Why Emmental Is The Ultimate Fondue Cheese

Emmental (also spelled Emmentaler, Emmenthaler, or Emmenthal) is one of the classic Swiss cheeses. This mild, semi-hard cheese dates back to 13th century Switzerland, and is named for the Emme river, in whose valley it was originally produced. These days, you're most likely to find Emmental in a traditional cheese fondue recipe.

While you can make a fondue with anything you like, running the gamut from a tangy beer and cheddar fondue all the way to a truly funky blue cheese fondue, Emmental is the default for a reason. This cheese melts well and has a flavor that is rich but not overpowering, making it a general crowd-pleaser that pairs well with a large variety of dippings. It's also one of the classic fondue cheeses, along with Gruyère (although Camembert makes a delicious fondue too). Though the dish has a storied history, the modern iteration of fondue has existed in Switzerland since around the late 19th century (depending on whom you ask). There must be a reason it's still around.

One of the quintessential Swiss cheeses

What we know in the U.S. as "Swiss cheese" is a broad category that can be applied to a variety of cheeses from Switzerland, but it is generally recognized as being interchangeable with Emmental, specifically. It is made from cow's milk and uses the "Swiss process," in which a special bacteria is allowed to feed on lactic acid, producing carbon dioxide bubbles. This is the reason Emmental and other Swiss cheeses have their signature holes, also known as 'eyes.'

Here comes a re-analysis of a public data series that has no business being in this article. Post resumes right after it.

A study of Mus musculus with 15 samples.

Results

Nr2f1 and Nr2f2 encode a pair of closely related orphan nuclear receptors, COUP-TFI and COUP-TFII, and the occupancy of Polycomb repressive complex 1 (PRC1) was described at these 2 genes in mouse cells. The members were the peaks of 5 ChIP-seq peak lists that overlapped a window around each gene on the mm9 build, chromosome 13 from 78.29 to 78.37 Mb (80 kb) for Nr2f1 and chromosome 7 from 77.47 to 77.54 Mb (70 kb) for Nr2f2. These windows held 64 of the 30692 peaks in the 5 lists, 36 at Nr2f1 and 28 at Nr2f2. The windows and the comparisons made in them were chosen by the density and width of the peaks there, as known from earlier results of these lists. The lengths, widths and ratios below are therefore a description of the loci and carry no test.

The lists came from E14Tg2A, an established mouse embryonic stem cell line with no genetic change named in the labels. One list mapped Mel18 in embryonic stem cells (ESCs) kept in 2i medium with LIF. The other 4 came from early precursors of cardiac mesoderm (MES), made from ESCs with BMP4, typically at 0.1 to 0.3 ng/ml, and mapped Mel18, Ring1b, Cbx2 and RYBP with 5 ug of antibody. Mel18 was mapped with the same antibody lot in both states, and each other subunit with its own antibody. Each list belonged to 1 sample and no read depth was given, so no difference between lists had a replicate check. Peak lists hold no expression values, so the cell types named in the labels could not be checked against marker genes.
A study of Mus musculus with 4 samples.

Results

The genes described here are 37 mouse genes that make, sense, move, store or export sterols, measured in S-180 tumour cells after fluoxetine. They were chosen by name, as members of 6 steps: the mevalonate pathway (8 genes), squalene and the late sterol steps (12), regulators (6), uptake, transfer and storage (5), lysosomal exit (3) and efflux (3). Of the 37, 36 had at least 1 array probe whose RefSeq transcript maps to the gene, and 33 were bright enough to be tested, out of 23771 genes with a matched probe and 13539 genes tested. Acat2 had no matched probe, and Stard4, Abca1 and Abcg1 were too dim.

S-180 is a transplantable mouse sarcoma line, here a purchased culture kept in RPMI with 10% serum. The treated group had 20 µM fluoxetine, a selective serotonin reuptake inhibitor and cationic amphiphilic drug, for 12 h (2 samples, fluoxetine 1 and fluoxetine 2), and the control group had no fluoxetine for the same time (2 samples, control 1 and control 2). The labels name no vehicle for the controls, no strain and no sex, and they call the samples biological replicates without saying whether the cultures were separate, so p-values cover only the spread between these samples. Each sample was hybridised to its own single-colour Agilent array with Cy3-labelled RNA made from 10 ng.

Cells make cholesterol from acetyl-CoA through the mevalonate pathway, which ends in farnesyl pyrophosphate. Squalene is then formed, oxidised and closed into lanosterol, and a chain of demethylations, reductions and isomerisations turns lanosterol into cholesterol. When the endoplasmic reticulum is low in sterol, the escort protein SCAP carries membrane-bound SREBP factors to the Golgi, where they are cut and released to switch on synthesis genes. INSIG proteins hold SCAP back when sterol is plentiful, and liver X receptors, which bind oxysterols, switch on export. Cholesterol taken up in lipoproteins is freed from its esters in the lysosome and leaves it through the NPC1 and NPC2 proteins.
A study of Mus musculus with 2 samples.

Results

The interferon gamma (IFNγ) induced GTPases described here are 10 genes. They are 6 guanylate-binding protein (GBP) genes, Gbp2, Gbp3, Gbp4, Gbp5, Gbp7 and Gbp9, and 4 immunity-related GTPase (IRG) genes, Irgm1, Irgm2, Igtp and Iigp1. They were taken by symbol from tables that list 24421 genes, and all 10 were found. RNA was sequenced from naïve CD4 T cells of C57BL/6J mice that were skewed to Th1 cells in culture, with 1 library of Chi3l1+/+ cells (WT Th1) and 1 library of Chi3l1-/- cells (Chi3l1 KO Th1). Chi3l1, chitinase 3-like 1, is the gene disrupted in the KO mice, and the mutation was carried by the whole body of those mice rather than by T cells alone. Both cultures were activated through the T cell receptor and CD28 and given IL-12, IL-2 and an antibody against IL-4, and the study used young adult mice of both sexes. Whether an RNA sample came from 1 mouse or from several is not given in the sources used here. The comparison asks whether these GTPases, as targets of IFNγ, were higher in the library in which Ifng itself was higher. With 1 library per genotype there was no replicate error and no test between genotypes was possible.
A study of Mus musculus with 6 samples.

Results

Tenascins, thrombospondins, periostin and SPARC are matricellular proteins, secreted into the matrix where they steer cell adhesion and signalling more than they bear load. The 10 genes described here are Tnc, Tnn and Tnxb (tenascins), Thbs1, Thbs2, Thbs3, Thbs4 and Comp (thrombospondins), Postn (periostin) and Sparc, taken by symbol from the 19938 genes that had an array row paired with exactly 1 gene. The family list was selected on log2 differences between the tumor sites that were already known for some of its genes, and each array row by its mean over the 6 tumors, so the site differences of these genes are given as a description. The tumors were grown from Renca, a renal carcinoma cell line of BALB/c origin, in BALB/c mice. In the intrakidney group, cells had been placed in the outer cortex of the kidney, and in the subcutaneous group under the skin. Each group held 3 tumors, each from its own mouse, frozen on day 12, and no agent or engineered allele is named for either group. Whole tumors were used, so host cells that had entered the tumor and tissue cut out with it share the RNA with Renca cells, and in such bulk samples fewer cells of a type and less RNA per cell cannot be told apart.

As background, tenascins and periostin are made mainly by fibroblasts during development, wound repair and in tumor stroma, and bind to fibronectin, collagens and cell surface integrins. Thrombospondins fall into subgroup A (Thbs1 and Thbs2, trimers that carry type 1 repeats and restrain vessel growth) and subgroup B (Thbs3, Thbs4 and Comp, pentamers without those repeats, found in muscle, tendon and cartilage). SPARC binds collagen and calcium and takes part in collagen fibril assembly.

Emmental comes from the same valley in Switzerland as Gruyère, another Swiss cow's milk cheese, and these two are often paired together. Both can be slightly nutty or fruity, but Emmental has a sweeter, more nuanced flavor while Gruyère is often richer and earthier. The reason that Emmental melts so well is because its slightly acidic pH allows the calcium in it to break down once heated, resulting in a cheese that stretches instead of clumps. Too much acid in the cheese, and the protein won't relax into a good melt. Too little, and there isn't enough acid to dissolve the calcium and allow for a decent stretch. Emmental is right in that sweet spot — balanced acidity.

How to enjoy Emmental in fondue

For fondue, you want to think of Emmental as the backbone of the operation. It won't be the loudest cheese in the mix — and that's fine — because it keeps the fondue creamy and plays well with others. You want to balance it out with some slightly stronger flavored cheeses, like Italian fontina and Dutch Gouda (and, of course, Swiss Gruyère).

Both melted and in fondue, Emmental pairs really well with crisp slices of Granny Smith apple or crisp pear, and some sliced salami. Of course, don't forget the bread! And since you're not supposed to drink water with fondue, but instead have white wine and kirsch (a cherry-flavored eau-de-vie), it is traditional to pair it with a glass of white wine, preferably something from Switzerland or nearby Alsace, like a Grüner Veltliner or riesling. Traditionalists will claim that this aids digestion, and whether or not that's true, it certainly tastes great alongside this subtle cheese.